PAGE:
My Role: Entire project, unless otherwise stated.
Prototyping and testing are essential parts in the process of creating user centric experiences. For these projects, each week we had to test and record a different prototyping technique. These various projects show different methods and stages in the design process. All of this so we can make sure we achieve and communicate the best design for the user in the most efficient and effective way possible.
Grip and diameter feel testing.
Foam block marking and gluing before sculpting.
Utilizing OXO's "Universal Design" ideology as a foundation for my work, I had to model an immersion blender. I had a few options but elected to use low density rigid foam for sculpting. I decided on that material because it allows for more details and fine tunning of forms. Using plasti-dip spray as a finish, I was able to get a more realistic black color and rubber texture that more closely emulates the type of material used in many OXO products. I also tested the positioning and made the buttons concave for greater grip and comfort.
For our mobile prototyping project, we were tasked with creating an interactive mobile prototype. I received specifications for an app called "Wag-N-Purr" and was asked to build it using any possible program I deemed fit. I chose to utilize InVision. This project was expected to teach me how to use a mobile prototyping application as well as demonstrate my understanding of Human Interface Guidelines standards for mobile devices.
The prototype is functional and interactive so feel free to add a pet and try it out!
Our first assignment was to paper prototype a smartwatch application with an accompanying mobile component. I chose to create an exercise app that syncs with your phone. The app allows you to program a workout with more detail on your phone, sync up, and just have it on your watch so you can leave your phone in your gym bag. The application would show quick and digestible glimpses towards workout completion and a way to edit your workout as your energy level changes.
The paper prototype was used as a quick method to test the design decisions with possible users, find problems and iterate.
3D printed bed.
MakerBot printer producing the 3D object.
Photorealistic render of bed 1
Photorealistic render of bed 1
3D Model Prototype
For this project we were tasked with modeling an object in 3D modeling software. We could model anything we wanted but for an added challenge, I decided to do textiles and organic curves. I used SketchUp to model and a MakerBot printer to produce the final piece. I enjoyed the project so much that I decided to take it to the next level and render the bed in context, creating a photorealistic render.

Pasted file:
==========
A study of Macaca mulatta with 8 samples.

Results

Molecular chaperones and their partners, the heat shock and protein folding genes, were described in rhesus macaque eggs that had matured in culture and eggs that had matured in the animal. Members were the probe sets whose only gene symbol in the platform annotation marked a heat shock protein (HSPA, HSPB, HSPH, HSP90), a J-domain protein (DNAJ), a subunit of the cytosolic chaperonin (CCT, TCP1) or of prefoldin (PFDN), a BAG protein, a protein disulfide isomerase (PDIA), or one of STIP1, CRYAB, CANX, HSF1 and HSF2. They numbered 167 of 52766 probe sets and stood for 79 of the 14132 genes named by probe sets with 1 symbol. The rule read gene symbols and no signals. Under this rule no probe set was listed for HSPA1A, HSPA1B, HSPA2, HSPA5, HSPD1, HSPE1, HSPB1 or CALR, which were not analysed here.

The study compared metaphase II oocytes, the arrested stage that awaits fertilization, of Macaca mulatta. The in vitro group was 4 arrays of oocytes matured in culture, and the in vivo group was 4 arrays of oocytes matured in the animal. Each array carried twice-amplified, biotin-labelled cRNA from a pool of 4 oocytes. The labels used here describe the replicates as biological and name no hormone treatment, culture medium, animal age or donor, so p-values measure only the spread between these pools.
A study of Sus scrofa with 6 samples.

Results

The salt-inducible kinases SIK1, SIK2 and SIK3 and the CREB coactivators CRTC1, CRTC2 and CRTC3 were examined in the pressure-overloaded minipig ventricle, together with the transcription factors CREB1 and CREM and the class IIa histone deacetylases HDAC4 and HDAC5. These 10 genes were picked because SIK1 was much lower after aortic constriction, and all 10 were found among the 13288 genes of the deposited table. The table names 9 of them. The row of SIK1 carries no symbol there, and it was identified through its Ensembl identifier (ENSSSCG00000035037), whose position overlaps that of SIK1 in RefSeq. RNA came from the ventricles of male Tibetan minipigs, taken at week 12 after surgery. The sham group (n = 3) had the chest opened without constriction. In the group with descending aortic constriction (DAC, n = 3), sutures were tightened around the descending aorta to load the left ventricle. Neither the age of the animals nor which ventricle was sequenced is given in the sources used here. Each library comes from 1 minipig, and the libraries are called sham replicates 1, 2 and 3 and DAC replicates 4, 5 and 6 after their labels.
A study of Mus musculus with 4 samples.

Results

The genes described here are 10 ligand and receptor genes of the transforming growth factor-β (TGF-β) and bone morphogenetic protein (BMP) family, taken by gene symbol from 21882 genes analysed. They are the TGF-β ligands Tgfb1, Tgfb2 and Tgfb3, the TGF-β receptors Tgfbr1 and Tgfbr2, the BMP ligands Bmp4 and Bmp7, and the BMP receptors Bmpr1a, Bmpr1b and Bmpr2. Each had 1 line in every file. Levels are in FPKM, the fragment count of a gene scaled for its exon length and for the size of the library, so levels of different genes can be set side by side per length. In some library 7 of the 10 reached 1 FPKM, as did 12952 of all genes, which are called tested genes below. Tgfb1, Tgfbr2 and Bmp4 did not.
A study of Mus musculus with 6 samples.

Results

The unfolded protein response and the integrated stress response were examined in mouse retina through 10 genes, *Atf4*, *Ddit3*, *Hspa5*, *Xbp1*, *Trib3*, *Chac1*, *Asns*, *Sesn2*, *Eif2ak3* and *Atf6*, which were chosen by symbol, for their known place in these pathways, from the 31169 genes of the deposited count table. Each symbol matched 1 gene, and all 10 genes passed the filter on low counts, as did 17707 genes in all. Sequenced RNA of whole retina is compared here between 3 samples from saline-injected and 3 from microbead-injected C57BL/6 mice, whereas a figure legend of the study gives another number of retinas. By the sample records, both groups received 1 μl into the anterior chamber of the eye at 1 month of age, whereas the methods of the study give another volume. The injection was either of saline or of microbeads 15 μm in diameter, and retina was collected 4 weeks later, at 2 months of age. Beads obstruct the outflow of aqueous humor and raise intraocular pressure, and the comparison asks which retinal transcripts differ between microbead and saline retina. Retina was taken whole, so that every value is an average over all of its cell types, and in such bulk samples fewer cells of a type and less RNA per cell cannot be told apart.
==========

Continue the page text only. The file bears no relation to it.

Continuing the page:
For this week my assignment was to create a wireframe prototype for the DUB community website. The project focus was to be on layout and hierarchy of page elements and overall information organization and display. My design included engaging visual components that would give users greater access to the content our research pointed out as most valuable and visited. I was able to display all the important information on the main page to be found quickly, while still keeping it in an organized and clean format..
The website interactive prototype is available below.
Participant demonstrating and "programing" gestures.
Using gestures to control a TV show.
WoZ fake electronics box.
Interior of fake electronics box shows lack of connections hidden to the user.
Our team created a "Wizard of Oz" prototype to test gestural input for the Apple TV. This method allows for testing of future technology that is very expensive to develop, and test the viability before a large investment is made.
We were to create a set of hand gesture motions that we felt would be intuitive to users. We researched and asked users what they felt were ideal gestures. We then used the "WoZ" technique to user test these gestures. None of our users suspected the system was actually fake and walked away very impressed.
Although not my first time working with electronics and prototyping, the experience of using the Arduino to build functioning electronics was very rewarding. I was able to interact and learn from the complexities of electronic components together with programing. My project uses a temperature sensor and reads temperature data. I integrated a screen to communicate temperature changes. I also used an LED that was programed to turn on when the temperature reached a certain level as a warning.